Oil prices up 2.5% in week ending April 26

 
- Renewed US sanctions on Venezuela with export capacity of around 600,000 barrels per day also fuels supply concerns
 
By By Duygu Alhan
 

ANKARA (AA) - Oil prices gained during the week ending April 26 following positive demand data from the US and escalating geopolitical tensions in the Middle East.

International benchmark Brent crude traded at $89.52 per barrel at 2.38 p.m. local time (1138 GMT) on Friday, increasing by around 2.5% relative to the closing price of $87.29 a barrel on Friday last week.

West Texas Intermediate (WTI), the American benchmark, traded at $84.12 a barrel at the same time on Friday, for a rise of about 2.3% from last Friday's session that closed at $82.22 per barrel.

According to data released by the US Energy Information Administration (EIA) on Thursday, commercial crude oil stocks in the US decreased by approximately 6.4 million barrels to 453.6 million barrels last week, signaling strong demand in the world's largest oil consumer in support of higher prices.

Meanwhile, the ongoing conflict between Israel and Palestine, despite a UN Security Council resolution demanding an immediate cease-fire in the region, continued to put pressure on oil prices.

According to local media, the Lebanese Hezbollah targeted northern Israel, killing at least one Israeli citizen in the early hours of Friday. Israel retaliated by sending a military aircraft to assault Hezbollah targets in the southern Lebanon district of Shebaa.

In solidarity with Palestinians in the Gaza Strip, Yemen Yemen’s Houthi group claimed Thursday that they carried out attacks targeting an Israeli vessel in the Red Sea and multiple sites in the southern Israeli city of Eilat.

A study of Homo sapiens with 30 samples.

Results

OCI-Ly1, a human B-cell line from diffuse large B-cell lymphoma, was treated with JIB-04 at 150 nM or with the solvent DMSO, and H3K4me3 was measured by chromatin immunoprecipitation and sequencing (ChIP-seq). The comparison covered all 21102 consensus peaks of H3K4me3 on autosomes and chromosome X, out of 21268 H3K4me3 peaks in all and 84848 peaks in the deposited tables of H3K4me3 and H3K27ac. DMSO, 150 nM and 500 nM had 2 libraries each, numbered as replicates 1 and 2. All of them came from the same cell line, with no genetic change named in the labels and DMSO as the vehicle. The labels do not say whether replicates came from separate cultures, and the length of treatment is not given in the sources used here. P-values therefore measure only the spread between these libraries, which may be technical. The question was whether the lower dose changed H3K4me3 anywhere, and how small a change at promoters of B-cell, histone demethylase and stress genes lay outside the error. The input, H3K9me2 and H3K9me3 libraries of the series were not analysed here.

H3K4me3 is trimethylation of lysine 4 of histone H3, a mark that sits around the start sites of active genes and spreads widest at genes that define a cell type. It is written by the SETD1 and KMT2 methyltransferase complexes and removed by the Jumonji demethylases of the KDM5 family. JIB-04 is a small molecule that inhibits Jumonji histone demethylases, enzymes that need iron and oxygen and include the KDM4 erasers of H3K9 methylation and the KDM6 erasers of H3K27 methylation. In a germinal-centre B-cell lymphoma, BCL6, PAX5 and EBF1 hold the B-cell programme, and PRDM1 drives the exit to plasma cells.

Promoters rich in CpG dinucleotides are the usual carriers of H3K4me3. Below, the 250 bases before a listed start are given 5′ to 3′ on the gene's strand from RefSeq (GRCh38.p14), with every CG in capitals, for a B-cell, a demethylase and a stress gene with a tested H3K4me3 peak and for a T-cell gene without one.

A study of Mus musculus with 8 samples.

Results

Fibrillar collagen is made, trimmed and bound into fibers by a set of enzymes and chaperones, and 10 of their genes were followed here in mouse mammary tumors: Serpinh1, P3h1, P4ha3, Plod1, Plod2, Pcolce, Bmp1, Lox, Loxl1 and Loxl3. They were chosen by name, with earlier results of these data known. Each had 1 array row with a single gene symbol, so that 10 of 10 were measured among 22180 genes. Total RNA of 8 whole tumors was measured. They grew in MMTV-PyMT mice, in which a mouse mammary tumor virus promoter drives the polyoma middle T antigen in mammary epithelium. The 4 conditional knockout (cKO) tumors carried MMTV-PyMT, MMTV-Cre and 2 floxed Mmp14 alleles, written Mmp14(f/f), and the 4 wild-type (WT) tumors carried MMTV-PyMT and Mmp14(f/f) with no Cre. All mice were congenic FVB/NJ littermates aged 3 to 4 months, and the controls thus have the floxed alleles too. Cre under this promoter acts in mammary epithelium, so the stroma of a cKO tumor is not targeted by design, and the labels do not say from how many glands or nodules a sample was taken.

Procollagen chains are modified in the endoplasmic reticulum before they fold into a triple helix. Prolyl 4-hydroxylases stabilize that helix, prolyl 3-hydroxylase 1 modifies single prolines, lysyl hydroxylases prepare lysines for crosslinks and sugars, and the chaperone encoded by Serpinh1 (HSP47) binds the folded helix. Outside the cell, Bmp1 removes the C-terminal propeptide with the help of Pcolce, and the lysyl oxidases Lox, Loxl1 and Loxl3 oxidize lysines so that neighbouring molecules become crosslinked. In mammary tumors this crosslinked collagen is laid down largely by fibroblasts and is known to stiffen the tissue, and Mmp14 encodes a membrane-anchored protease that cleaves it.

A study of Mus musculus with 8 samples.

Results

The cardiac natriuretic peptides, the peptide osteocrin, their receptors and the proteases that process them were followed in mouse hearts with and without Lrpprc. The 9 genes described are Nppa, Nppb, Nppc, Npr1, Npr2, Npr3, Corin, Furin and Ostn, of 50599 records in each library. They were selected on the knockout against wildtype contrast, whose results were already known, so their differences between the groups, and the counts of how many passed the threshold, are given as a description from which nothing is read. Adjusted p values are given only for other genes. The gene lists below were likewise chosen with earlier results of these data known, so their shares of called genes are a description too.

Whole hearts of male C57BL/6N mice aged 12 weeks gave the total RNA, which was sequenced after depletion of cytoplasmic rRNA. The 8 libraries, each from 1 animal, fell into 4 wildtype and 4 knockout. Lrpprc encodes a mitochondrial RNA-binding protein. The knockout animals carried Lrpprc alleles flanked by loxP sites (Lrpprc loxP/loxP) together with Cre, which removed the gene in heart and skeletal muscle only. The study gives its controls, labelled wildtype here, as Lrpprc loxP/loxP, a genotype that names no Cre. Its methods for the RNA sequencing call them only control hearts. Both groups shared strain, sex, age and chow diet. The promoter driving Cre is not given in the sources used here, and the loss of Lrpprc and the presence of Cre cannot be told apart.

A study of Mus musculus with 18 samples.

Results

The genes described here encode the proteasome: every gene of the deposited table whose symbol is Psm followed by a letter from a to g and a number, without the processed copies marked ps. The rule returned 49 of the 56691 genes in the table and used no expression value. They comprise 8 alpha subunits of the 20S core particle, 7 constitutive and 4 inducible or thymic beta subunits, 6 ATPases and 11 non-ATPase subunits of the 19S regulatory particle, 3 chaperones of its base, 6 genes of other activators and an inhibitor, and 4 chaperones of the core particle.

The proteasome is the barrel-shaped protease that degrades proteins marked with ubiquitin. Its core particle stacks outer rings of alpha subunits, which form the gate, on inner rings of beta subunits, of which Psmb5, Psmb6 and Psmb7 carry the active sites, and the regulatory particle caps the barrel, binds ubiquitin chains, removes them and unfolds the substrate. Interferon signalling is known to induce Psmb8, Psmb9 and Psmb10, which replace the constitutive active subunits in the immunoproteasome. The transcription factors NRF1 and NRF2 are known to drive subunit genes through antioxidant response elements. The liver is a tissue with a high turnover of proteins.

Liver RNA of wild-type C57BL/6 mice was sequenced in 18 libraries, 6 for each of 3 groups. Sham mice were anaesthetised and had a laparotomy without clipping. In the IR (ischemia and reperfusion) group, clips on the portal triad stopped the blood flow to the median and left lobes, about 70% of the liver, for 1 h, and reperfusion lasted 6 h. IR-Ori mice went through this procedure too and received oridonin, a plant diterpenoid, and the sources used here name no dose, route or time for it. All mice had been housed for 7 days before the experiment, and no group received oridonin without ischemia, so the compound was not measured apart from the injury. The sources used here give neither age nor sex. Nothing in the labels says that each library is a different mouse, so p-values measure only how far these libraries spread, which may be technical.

The group's military spokesperson, Yahya Saree, said in a televised speech that their forces successfully targeted the Israeli ship MSC Darwin using missiles and unmanned aerial vehicles (UAVs) in the Gulf of Aden.

These developments in the Middle East, home to the majority of the world's oil reserves, pushed oil prices higher by fueling supply concerns.

Supplies woes were further exacerbated by US sanctions on Venezuela, which has a daily export capacity of about 600,000 barrels.

Additionally, uncertainties over when the US Federal Reserve (Fed) will start interest rate cuts continued to influence oil prices.

July saw a 45% chance of a Fed interest rate cut, down from 20% in June. The likelihood that the bank will begin reducing rates in September dropped to 59%.

A rate cut would suppress oil price gains since high interest rates increase the value of the US dollar and make oil more expensive for holders of foreign currencies.